Boomerang(redirected from Boomerang world cup)
Boomerang(religion, spiritualism, and occult)
A boomerang is a configuration resembling a yod but involving a fourth planet directly opposed to the “action planet” at the tip of the yod. In a yod, two planets form a sextile (60°) aspect and both in turn form a quincunx (150°) aspect with a third planet. If lines were drawn to the center of the horoscope from all three planets, the resulting pattern would look like a capital Y. The planet at the bottom tip of the Y is said to be the action planet because its house placement is where the action takes place when the configuration is activated by a transit or a progression. The interpretation often given to a yod in a natal chart is that it indicates a life that proceeds along in a certain pattern for a period of time until the established pattern is abruptly interrupted and the native is forced to proceed in a new direction, though the new direction is one for which the person had actually been preparing for some time. A completely unanticipated promotion in one’s chosen profession, for example, might be brought about by an activated yod configuration.
When a fourth planet is involved in a yod so that it forms an opposition (180°) aspect to the action planet and semisextile (30°) aspects to the remaining two planets, the resulting formation is called a boomerang, a designation coined by Joan McEvers. In a boomerang, the situation anticipated at the point of the action planet “boomerangs” when the configuration is activated. One example McEvers uses in her explanation of the boomerang is Ralph Waldo Emerson, who had such a configuration in his natal chart and who, when fortune placed the 26-year-old minister in the pulpit of Boston’s Old North Church, found himself in a situation with which his non-conformist temperament had difficulty coping. He was eventually forced to leave the ministry. Thus, Emerson’s opportunity “boomeranged.”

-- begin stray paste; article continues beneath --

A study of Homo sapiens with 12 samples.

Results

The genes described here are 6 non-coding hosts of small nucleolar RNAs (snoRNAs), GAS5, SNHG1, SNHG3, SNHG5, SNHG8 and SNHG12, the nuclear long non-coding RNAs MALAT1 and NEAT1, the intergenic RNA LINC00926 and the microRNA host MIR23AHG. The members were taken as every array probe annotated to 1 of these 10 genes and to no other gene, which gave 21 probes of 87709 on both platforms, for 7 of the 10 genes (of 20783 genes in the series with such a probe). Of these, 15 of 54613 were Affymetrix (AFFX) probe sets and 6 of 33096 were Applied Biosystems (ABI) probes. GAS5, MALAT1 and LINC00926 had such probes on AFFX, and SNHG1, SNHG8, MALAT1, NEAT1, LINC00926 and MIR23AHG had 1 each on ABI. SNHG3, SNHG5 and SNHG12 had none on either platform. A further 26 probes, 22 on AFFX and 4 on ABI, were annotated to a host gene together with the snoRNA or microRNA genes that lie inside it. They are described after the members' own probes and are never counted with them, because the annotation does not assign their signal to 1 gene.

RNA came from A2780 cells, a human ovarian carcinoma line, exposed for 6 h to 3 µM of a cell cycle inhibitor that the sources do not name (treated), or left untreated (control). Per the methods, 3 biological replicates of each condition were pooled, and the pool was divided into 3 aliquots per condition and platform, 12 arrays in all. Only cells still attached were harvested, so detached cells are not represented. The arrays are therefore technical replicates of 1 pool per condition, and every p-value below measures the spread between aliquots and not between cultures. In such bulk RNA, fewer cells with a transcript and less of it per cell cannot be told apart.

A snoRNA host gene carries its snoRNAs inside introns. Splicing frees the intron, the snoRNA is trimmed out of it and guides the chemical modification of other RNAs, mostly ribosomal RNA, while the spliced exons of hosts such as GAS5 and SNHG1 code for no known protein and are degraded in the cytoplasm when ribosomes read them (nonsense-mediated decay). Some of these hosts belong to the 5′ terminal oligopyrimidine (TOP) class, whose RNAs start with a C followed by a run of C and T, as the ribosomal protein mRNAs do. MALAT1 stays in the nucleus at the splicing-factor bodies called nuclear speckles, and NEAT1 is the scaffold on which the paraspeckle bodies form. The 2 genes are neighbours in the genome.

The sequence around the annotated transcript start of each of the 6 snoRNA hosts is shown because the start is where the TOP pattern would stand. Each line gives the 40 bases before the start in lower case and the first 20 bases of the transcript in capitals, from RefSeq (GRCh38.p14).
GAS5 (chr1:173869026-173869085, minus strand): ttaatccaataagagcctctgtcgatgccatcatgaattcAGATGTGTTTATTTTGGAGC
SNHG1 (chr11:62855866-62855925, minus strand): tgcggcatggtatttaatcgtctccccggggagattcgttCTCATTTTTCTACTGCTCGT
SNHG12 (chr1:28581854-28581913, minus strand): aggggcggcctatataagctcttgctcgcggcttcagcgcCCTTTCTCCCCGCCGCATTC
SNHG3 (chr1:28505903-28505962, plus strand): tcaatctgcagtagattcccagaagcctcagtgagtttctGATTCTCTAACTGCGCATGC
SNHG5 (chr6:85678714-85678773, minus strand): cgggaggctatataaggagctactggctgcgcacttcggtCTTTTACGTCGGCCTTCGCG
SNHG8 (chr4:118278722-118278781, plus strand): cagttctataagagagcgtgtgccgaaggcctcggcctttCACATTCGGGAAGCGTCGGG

a type of wooden throwing stick for combat and hunting, widely used among many Australian tribes. Sticks resembling the boomerang have also been found in ancient Egypt, southern India, Southeast Asia, and Mexico. The boomerangs known to the Australians were of the returning type and were capable of describing complex paths, closed figure eights, and so on, in flight. A returning boomerang is a curved plate that forms two vanes of unequal length; the lower surface is flat, and the upper surface is convex (its cross-section is similar to that of an airplane wing). The flight dynamics of a boomerang that is simultaneously in forward and rotational motion is very complex: the comparatively rapid rotation of the boomerang in the air creates an aerodynamic moment that affects the boomerang like a rotating gyroscope and continually deflects it from the direction of flight. The line of flight also depends on the direction of the wind and the skill of the thrower.